Only about 43% of moms who are 20 and younger breastfeed while 65% of moms aged 20 to 29 breastfeed. Moms over 30 have the highest breastfeeding rate, at over 75%. But regardless of age, all mothers should know the facts about breastfeeding as well as some potential problems they may face along the way. Fortunately, many of these problems often have easy fixes. Here are just a few common breastfeeding problems and solutions to be aware of.
Many experts say that this is one of the most common problems mothers face while trying to breastfeed. However, it's often misdiagnosed or over-exaggerated, i.e., mothers think they aren't producing enough when they actually are. In any case, there's an easy way to determine whether this is actually an issue:
"Weigh your baby before and after a feed. You'll be amazed at how the number on the scale goes up (and up!). If your baby is gaining weight.. you're producing enough milk. Don't be fooled by the pump. Some women don't let down easily when expressing milk," says Kristen Finello and Nancy Gottesman on Parents.
If you determine that this is, in fact, an ongoing issue, talk to your doctor or specialist to see what you can do. You can also try using a hospital grade pump, we recommend an ameda or Medela pump. See if you qualify for a free breast pump by Filling out our Free breast Pump form. If you do not qualify, a hospital or rental outlet will rent you one or we can sell you the product you want. If you would like to buy a breast pump call (800)-503-7604
For mothers with multiple children, it's often tempting to give into pleads of letting your children feed the newborn with a bottle. After all, you could use a quick break, right? Not exactly -- experts say that sharing the feeding responsibilities too early could lead to a reduction of hormones that should normally build up during the first several weeks of feeding and help with milk production. Similarly, experts say you shouldn't pump until you've reached four to six weeks.
Just wait about six weeks before you pump or share the responsibilities. Those six weeks are crucial for milk development and easier nursing through breastfeeding.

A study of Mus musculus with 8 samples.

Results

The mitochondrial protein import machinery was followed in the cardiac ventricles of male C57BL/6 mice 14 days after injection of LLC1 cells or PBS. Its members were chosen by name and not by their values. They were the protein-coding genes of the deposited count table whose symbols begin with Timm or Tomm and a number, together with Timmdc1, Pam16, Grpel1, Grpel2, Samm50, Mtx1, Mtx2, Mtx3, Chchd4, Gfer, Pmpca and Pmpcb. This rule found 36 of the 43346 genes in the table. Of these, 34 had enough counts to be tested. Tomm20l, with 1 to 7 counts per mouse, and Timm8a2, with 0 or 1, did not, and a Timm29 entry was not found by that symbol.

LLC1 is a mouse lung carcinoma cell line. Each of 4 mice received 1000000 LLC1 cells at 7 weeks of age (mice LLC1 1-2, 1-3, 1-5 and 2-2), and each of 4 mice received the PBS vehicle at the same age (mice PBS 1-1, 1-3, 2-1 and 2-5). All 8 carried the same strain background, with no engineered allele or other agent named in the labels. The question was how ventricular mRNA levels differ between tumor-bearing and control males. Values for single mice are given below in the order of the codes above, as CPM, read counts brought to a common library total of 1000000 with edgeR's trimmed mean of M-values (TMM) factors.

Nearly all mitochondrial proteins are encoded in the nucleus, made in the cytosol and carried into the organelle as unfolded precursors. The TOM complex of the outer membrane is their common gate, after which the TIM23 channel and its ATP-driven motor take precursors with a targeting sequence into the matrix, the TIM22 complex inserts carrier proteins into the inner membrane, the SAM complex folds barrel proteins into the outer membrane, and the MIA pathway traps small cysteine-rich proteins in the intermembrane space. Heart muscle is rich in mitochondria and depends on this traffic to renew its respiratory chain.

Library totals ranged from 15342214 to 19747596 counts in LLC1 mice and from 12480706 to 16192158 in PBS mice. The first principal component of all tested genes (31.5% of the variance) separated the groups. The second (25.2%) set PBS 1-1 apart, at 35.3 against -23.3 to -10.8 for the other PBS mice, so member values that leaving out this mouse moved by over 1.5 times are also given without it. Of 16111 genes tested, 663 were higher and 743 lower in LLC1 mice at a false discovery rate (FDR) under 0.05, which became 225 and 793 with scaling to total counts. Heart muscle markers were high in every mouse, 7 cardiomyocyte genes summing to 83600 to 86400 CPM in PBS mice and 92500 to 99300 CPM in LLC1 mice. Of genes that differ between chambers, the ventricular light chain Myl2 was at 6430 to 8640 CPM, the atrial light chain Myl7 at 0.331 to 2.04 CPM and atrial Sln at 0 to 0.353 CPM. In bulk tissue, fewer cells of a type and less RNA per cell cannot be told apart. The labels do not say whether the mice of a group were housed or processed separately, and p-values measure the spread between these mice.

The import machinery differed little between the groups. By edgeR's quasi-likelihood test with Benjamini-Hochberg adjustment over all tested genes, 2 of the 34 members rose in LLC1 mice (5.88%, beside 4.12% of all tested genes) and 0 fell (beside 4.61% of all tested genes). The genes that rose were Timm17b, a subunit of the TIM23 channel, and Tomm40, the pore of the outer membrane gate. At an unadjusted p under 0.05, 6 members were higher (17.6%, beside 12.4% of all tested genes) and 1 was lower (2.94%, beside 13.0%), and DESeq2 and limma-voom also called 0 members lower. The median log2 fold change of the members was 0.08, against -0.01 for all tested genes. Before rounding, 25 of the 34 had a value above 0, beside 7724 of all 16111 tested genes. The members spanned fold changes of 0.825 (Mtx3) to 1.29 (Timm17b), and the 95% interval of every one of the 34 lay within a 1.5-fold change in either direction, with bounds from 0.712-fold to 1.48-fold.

Having sore or cracked nipples is normal, but breastfeeding should become comfortable for you and your baby. A very common cause of cracked or sore nipples is improper positioning of your baby during breastfeeding.
Make sure your baby is latching on correctly, they should be nursing from most of your areola and the nipple. If it is not a good latch or hurts, try again. Use these tips from womens health for getting a good latch, here. If your nipples are cracked, try rubbing a few drops of breast milk on your nipples after feeding. Breast milk has natural healing properties and contains oils that will help soothe the area. You can also try these nipple shields that help improve comfort, check them out here. If you are still experiencing issues, you could have an infection and you should talk to your doctor or specialist, such as a lactation consultant.
A plugged duct feels like a sore or tender lump in the breast. This is caused when your milk duct doesnt drain properly, causing pressure to build and inflammation of the surrounding tissue. Usually, a plugged duct only occurs in one breast at a time.
The key to fixing a plugged duct is loosing it up and keeping milk flowing. You can aim your baby's chin at the plugged duct which will focus their suck on the area and loosen it up. You should also massage the area between feeds, starting behind the sore spot and moving in a circular motion towards the nipple. Warm compresses will help as well. If the problem persists or keeps coming back, talk to your specialist or seek a lactation consultant.
So, now you know -- if you've experienced any of these common problems, you're certainly not alone, and there's often a simple solution. Don't hesitate to meet with a lactation consultant to find the methods and strategies that work best for you. For more information about free breast pumps for moms and other medical supplies, contact Complete Care Medical.